TAMPA, Fla. — Wisconsin Governor Scott Walker’s biggest applause line Tuesday came at the beginning of his speech: “I’m Scott Walker.” By the time, a few minutes later, he had begun making the case for the Republican nominee, the applause, still warm, was notably quieter.
“We need someone to turn things around in America,” Walker told a crowd in Tampa that wasn’t going to argue with that premise. “That leader is Governor Mitt Romney.”
Republicans in Tampa are quick to insist that the party has united around Mitt Romney and that’s true — to a point. Key factions and their leaders, social conservatives, economic conservatives, have come around to the notion that they will be happy with a Romney presidency, thrilled perhaps with the fiscal and economic policies of a Romney-Ryan presidency. But the names that light them up are those of the next generation of Republican stars, the deep bench of senators and, in particular, governors who represent the party’s immediate future, if not quite its present.
"Governors who have tackled tough issues and demonstrated they can get things done, even in tough circumstances," said Glenn Hamer, a delegate from Arizona, who was standing beside a Romney sign overlaid with the autograph of Governor Jan Brewer. Christie, in particular, is"a source of strength for Republicans,” he said.
Indeed a day spent in and around the Tampa Bay Times Forum reveals that while the party has united, in a general sort of way, around the nominee, that’s a rather loose measure. Party activists find Romney satisfactory. They’re pleased he’ll be speaking at the convention. But there’s no mistaking him for the hottest ticket at what is, after all, supposed to be his show.
On the convention floor Tuesday, where “MITT!” signs littered the carpet and chairs, the presidential nominee’s name was seen, but not heard. When the name “Romney” was uttered with excitement, “Ann” usually preceded it, and when she appeared on stage on Tuesday, she unquestionably stole the show.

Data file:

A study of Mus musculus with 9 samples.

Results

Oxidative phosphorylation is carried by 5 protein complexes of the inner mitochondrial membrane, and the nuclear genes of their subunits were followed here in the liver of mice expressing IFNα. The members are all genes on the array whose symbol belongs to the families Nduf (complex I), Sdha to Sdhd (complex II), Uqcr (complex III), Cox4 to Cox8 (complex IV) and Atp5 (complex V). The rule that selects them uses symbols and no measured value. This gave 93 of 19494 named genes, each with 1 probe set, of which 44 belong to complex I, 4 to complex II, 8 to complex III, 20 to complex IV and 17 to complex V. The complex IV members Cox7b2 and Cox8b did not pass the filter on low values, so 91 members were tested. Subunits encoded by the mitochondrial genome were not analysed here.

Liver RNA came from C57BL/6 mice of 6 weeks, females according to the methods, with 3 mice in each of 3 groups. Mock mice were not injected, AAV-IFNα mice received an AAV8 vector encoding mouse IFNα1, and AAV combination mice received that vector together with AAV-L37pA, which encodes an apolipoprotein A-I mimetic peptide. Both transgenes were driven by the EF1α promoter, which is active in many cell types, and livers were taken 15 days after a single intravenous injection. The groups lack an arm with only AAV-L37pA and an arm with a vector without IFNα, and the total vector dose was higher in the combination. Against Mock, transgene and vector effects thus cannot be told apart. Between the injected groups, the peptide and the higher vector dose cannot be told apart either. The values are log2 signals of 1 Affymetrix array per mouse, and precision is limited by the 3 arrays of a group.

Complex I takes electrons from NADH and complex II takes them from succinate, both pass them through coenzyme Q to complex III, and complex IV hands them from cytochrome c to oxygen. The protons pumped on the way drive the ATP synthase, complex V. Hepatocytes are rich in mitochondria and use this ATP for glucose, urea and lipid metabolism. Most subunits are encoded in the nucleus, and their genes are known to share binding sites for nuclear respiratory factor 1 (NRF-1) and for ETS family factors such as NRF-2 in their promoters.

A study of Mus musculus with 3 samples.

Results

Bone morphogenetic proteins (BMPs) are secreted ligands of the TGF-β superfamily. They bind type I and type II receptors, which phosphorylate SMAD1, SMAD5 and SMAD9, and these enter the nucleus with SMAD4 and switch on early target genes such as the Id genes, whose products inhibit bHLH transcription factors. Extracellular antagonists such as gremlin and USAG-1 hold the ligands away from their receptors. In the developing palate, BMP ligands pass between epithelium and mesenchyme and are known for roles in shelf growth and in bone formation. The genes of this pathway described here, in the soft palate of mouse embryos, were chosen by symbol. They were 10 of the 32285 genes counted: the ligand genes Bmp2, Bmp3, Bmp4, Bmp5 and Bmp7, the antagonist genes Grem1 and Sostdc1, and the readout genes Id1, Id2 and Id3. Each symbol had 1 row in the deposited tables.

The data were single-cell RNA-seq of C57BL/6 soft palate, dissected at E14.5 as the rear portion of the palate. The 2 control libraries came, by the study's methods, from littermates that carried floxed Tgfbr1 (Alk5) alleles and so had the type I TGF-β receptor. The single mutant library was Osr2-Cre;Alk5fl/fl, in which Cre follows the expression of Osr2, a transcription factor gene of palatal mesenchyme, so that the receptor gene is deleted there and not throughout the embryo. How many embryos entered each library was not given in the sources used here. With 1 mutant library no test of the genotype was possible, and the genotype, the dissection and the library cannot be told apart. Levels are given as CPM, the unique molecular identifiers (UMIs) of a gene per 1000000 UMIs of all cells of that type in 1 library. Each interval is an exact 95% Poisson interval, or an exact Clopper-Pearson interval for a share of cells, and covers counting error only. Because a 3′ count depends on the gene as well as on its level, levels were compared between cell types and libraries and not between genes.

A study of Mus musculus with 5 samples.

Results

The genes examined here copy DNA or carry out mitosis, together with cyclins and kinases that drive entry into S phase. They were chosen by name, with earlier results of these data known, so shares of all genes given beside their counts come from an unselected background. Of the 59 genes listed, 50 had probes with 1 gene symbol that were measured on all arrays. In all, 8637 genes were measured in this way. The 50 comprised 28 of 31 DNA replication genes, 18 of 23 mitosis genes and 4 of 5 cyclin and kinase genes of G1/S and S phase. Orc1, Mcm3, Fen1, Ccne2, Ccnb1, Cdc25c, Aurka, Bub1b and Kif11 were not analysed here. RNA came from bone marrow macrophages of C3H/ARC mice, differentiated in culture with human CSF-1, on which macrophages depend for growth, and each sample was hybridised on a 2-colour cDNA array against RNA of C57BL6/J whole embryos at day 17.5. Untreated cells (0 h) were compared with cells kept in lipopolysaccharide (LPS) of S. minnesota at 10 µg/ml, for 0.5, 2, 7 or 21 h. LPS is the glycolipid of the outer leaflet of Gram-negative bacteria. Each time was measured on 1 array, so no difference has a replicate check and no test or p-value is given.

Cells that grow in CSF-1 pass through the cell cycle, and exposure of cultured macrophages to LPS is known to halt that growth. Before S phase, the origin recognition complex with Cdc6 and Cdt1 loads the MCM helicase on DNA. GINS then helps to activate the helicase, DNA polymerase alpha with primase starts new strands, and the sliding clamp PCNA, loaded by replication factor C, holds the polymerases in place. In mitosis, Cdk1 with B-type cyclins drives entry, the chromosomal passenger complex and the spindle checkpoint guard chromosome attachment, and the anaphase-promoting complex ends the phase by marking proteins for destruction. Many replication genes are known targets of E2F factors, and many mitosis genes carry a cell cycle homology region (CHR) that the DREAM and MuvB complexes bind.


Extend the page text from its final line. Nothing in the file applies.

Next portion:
If anything, she benefitted from low expectations. Delegates spent the day in eager anticipation of Christie, while other young stars — notably Florida Senator Marco Rubio, who appeared on all three morning shows Wednesday — dominated the airwaves.
Conventions can help make stars, a opportunity of which this one's organizers are intensely aware, and at times wary. “You’re not going to be Obama 2004,” said one Republican operative, referring to the electrifying speech that sent the current president a into the stratosphere — but did not make Senator John Kerry president.
The convention was supposed to “humanize” Romney, the oddly wooden word constantly used to describe the Republicans’ relatively late effort to introduce a little-known and personally rather unpopular candidate to Americans. But while Ann Romney’s speech helped make his personal life seem far more ordinary than it had been, the candidate has also made clear that he will not resist the media cycle’s endless demands for more, and will resist attempts “to personalize me like I'm a piece of meat.” (An odd metaphor, some noticed: personalized meat sounds more like science fiction than politics.)
And with Romney so resistant to connection, the convention has looked elsewhere for an emotional core. Delegates, meanwhile, say they’re content with their stolid nominee.
Bo Palacios, one of nine delegates from the Northern Mariana Islands was among those who said he was particularly enthused to hear New Jersey Gov. Chris Christie speak.
“I think these speakers are exciting to hear, but I don’t think they necessarily overshadow Romney,” Palacios added. “They’re not our nominee.”